AT&T has brought wireless home Internet to nine more states, offering rural and underserved customers a slightly faster replacement for old DSL lines.
“Our Fixed Wireless Internet service delivers a home Internet connection with download speeds of at least 10Mbps and upload speeds of at least 1Mbps,” AT&T said in an announcement yesterday. “The connection comes from a wireless tower to a fixed antenna on customers’ homes or businesses. This is an efficient way to deliver high-quality, high-speed Internet to customers living in underserved rural areas.”
The service is newly available in parts of Arkansas, California, Illinois, Indiana, Kansas, Michigan, Ohio, Texas, and Wisconsin. The wireless Internet had already become available earlier this year in parts of nine other states, namely Alabama, Florida, Georgia, Kentucky, Louisiana, Mississippi, North Carolina, South Carolina, and Tennessee. These account for 18 of the 21 states in AT&T’s wireline territory.
AT&T now delivers fixed wireless Internet to 160,000 residential and small business locations, and it plans to boost that number to more than 400,000 by the end of this year and to 1.1 million locations in the 18 states by 2020.
Standalone wireless Internet service costs $60 a month with a 1-year contract, or $70 a month without a contract or after the contract period ends, AT&T told Ars. Customers can get a $10-per-month discount on the home wireless service by bundling it either with DirecTV or AT&T smartphone service.
Installation fees for the outdoor antenna and indoor gateway are up to $99, but the fee is waived if service is purchased with DirecTV. Wireless home Internet service has a monthly data cap of 160GB, an AT&T FAQ says. Customers must pay overage fees of $10 for each additional 50GB, up to a maximum of $200 a month. Data caps on AT&T’s wired services are either 150GB or 1TB.
Government funding, from your phone bill
If you live in the US, you’re probably helping to pay for this rollout because it’s being funded by the federal government’s Connect America Fund, which draws from surcharges on Americans’ phone bills to subsidize rural Internet service. In 2015, AT&T struck a deal with the US government to get nearly $428 million per year for six or seven years, nearly $3 billion, to bring 10Mbps Internet service to parts of rural America.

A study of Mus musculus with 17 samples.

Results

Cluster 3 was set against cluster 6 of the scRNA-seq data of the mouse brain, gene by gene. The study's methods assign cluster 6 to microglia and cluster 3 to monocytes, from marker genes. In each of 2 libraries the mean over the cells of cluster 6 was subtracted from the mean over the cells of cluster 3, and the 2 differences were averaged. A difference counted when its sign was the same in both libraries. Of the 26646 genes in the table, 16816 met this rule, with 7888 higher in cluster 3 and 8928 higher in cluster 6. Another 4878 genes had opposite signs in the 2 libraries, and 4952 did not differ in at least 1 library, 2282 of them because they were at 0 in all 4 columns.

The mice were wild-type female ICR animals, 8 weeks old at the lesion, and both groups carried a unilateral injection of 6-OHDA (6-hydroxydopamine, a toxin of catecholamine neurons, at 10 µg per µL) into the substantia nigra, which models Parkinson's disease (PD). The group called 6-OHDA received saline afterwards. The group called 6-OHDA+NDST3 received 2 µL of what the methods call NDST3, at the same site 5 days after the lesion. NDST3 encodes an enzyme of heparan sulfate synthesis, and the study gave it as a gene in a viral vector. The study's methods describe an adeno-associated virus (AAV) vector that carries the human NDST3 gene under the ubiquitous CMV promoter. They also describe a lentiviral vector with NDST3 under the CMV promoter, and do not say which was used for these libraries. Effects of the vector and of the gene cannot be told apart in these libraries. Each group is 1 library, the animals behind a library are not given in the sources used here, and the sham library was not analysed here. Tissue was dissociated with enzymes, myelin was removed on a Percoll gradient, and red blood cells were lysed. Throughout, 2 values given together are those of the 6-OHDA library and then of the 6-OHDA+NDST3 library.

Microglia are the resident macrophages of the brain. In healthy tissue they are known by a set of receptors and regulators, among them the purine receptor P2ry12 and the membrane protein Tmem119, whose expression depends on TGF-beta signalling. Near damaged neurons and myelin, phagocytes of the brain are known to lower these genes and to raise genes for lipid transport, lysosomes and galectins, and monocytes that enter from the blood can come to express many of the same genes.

Although the Federal Communications Commission uses 25Mbps downstream and 3Mbps upstream as the standard for measuring broadband deployment progress, the Connect America Fund requires just 10Mbps/1Mbps.
Connect America Fund recipients were required to meet 40 percent of their buildout requirements by the end of 2017. AT&T’s build to “over 400,000” out of 1.1 million locations this year will meet the threshold if it’s at least 440,000. AT&T says it is also on track to meet the 100 percent goal by the required date of 2020.
AT&T is also undertaking a multi-year fiber-to-the-home expansion to 12.5 million customers, which is required as a merger condition on its acquisition of DirecTV. The Connect America Fund wireless deployments reach more sparsely populated areas where AT&T isn’t building fiber because the costs per customer are higher.
Many customers stuck with much slower speeds
Even 10Mbps download speeds would be welcome to customers in AT&T territory who get DSL service measured in the kilobits or none at all. But as we noted in this previous story, even after the wireless expansion there may still be millions of customers in AT&T’s copper wire territory with Internet service slower than 10Mbps.
The 1.1 million customers is also a far cry from the amount that AT&T said its fixed wireless service might cover a few years ago. In 2014, AT&T dijo that in order to get its DirecTV merger approved, it would commit to bringing “fixed wireless local loop broadband to 13 million new customer locations, largely in underserved, rural locations” within four years of the merger closing. About 85 percent of those 13 million wireless locations would have been outside AT&T’s traditional wireline telephone territory; the deadline for that commitment would have been July 2019.
But the Federal Communications Commission did not make that commitment binding in its merger approval. The FCC said that AT&T over-estimated how many underserved rural households there were in the potential deployment area.
AT&T apparently “engaged in some puffery when they were selling the deal” and “the FCC politely called them out on it,” Harold Feld, senior VP of consumer advocacy group Public Knowledge, told Ars. But even at 1.1 million homes, “getting fixed wireless broadband to rural Americans at an affordable price is a good thing,” Feld said.
We asked AT&T today if it will try to hit the 13 million goal anyway. In response, an AT&T spokesperson noted that the wireless proposal was never made binding by the FCC and said the company will meet the fiber commitments required by the FCC. The fiber, combined with AT&T’s existing broadband services, will bring speeds of at least 45Mbps to at least 25.7 million customer locations, AT&T said.
But that means the big wireless deployment outside AT&T’s traditional telephone territory may not come to pass, or at least not by the 2019 deadline that AT&T had proposed. Separately, AT&T has been testing a new wireless system that could deliver multi-gigabit Internet speeds for either smartphone data or home Internet service, but it’s not clear when it will be commercially available or how many people it will cover.